New Hampshire Public Defenders to provide legal advice on youth assessment process 

By MICHAELA TOWFIGHI

Monitor staff

Published: 08-03-2023 4:34 PM

Before any charges are filed against a child in New Hampshire in juvenile court, parents and children are asked the same question each time: Would you like to participate in the Child and Adolescent Needs and Strengths assessment? 

Most need a little explanation before they decide. The questionnaire allows youth to share more of their story – anything from family history with substance abuse to hobbies outside of school. And often times, the detailed narrative the assessment provides can be the deciding factor in whether a child goes to court or is diverted away from the justice system.

Most families choose to participate. About a quarter decline.

The assessment is an entirely voluntary tool that has been introduced in the New Hampshire juvenile justice system in recent years. It’s a way for the many sectors that touch the juvenile justice system to speak the same language and individualize plans for the children involved. But often, when a probation officer calls a family recommending they participate in a detailed, personal assessment that will be added  to their child’s case file, concerns and hesitations arise. 

Starting last month, the state Public Defender’s office started assisting families with the assessments as they move their way through the legal process with their child. On July 1, a two-year, $100,000 contract approved by the Executive Council went into effect to provide legal counsel for youth in the juvenile justice assessment process. 

The goal of these assessments and advice? Keep kids who don’t need to be in court, out. 

“The trauma starts as soon as they even have to step foot in the courtroom,” said Pamela Jones, a managing attorney at the New Hampshire Public Defenders. “If we can figure out what kids don't need to go there and shouldn't be there, then that's what we should be doing.”

Since introducing the universal assessment tool in October of 2021, state data shows that 72 percent of the time, the assessment recommends a community referral for the child, instead of court involvement. 


These external options mean that children often can access resources they need, without having to go through the court system. Particularly for first-time offenders, kids who never had previous interactions with the justice system and simply made a mistake, it can be a make-or-break alternative.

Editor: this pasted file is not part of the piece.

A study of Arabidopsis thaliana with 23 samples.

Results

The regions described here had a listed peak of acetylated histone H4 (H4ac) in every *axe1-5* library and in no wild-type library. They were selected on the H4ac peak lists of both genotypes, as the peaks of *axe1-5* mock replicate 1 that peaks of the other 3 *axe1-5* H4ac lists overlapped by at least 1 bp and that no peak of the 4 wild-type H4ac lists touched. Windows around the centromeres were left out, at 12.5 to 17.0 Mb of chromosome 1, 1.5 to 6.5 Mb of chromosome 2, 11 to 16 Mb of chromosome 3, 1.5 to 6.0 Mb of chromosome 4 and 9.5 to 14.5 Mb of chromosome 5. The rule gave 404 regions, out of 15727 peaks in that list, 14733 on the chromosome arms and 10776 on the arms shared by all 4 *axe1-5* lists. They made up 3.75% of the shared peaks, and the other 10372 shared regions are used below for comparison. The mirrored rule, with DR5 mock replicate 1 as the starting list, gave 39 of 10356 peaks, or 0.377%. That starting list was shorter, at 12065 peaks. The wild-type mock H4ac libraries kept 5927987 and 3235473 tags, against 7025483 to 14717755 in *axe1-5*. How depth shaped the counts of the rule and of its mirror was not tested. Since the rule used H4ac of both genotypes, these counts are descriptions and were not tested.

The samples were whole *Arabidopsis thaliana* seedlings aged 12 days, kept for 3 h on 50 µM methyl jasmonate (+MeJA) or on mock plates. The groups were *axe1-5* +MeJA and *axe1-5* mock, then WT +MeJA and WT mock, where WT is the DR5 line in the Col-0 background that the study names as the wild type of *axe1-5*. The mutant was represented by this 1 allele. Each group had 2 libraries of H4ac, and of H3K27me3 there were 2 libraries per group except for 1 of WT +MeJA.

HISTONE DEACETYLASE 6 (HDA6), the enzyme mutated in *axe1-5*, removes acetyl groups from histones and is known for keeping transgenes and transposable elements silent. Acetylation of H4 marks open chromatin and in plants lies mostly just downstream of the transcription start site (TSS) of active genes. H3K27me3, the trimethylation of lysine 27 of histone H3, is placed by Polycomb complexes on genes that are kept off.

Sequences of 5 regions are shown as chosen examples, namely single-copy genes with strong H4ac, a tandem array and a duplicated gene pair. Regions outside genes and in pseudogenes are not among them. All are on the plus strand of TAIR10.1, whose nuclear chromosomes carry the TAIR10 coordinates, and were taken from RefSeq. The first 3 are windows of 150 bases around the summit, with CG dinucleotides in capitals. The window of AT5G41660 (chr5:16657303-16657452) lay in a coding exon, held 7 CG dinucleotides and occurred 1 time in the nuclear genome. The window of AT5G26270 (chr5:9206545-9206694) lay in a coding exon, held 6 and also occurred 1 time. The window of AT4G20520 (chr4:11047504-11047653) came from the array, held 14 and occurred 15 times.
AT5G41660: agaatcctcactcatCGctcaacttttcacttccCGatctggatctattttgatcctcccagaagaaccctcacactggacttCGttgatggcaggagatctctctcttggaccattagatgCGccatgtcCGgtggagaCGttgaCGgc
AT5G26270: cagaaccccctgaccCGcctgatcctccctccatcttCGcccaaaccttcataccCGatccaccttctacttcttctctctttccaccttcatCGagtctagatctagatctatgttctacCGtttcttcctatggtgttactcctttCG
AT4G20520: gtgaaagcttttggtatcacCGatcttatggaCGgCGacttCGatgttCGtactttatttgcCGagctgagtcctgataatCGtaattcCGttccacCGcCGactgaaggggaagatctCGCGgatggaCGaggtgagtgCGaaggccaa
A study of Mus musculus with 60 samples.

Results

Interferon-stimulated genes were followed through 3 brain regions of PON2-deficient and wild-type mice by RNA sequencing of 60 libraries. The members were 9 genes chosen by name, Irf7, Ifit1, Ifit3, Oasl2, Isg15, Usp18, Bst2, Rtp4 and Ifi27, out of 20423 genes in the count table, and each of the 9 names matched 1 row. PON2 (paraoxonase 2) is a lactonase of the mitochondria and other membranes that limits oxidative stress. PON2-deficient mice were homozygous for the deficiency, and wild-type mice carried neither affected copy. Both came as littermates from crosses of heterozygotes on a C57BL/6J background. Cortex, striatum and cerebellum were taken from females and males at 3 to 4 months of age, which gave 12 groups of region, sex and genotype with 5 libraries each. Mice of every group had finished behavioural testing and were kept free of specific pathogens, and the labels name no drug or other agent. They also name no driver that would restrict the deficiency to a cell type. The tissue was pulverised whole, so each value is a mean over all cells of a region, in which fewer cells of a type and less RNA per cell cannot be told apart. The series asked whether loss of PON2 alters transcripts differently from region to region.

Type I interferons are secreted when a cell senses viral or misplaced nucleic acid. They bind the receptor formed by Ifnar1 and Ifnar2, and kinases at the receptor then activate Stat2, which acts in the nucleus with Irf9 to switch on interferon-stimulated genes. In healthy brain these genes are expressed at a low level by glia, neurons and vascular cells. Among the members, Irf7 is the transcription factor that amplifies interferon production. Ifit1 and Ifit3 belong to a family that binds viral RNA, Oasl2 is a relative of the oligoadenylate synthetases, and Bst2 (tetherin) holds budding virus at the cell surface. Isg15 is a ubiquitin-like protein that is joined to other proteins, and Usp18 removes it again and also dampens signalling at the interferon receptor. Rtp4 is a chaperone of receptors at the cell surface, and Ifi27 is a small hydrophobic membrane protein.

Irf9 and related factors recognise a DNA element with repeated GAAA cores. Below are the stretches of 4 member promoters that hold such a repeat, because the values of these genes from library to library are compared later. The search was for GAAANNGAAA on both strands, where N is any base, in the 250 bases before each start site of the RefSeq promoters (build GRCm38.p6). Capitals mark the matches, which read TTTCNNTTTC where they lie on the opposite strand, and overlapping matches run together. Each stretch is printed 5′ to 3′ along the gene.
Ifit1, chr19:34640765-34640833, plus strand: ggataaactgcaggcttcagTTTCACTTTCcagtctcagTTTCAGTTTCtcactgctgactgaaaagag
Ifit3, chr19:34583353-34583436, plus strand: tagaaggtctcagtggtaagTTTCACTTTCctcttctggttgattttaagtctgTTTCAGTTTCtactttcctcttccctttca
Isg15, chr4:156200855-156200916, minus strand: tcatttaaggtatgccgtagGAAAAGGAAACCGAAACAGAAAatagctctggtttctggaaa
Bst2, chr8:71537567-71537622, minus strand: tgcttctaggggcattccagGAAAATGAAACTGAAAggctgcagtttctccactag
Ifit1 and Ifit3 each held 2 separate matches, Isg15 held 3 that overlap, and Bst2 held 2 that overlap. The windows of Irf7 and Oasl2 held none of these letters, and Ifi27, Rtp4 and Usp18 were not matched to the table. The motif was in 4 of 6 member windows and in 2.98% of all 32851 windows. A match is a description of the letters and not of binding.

Now, the New Hampshire Public Defender’s attorneys can help explain the varying outcomes of participating or not and more about how the assessment will be used. 

“Kids, parents are often skeptical of the system, especially if they've had any involvement, which oftentimes they have,” said Jones.  

Legislative efforts in 2022 changed the court process so that families could opt to participate in the assessment after arriving in court and receiving a defense attorney. Now, Jones hopes that New Hampshire Public Defender guidance will help clarify the process before they arrive in the courthouse. 

Oftentimes, a lack of information or fear that the assessment would backfire on them, bringing additional charges (which does not happen), were inherent barriers to participating, according to Jones. 

“I think there's a lack of understanding that this process could lead to you not going to court at all,” she said. “Because that gets kind of muddy because they don't fully understand those things. Those are the reasons why people are declining, whether it be a youth or a parent.”

The New Hampshire Public Defender solely provides legal counsel to youth clients, however, both the parent and child have to consent to the assessment process. A report from the Department of Health and Human Services estimates that 100 children, ages 12-17, will be helped annually with this funding.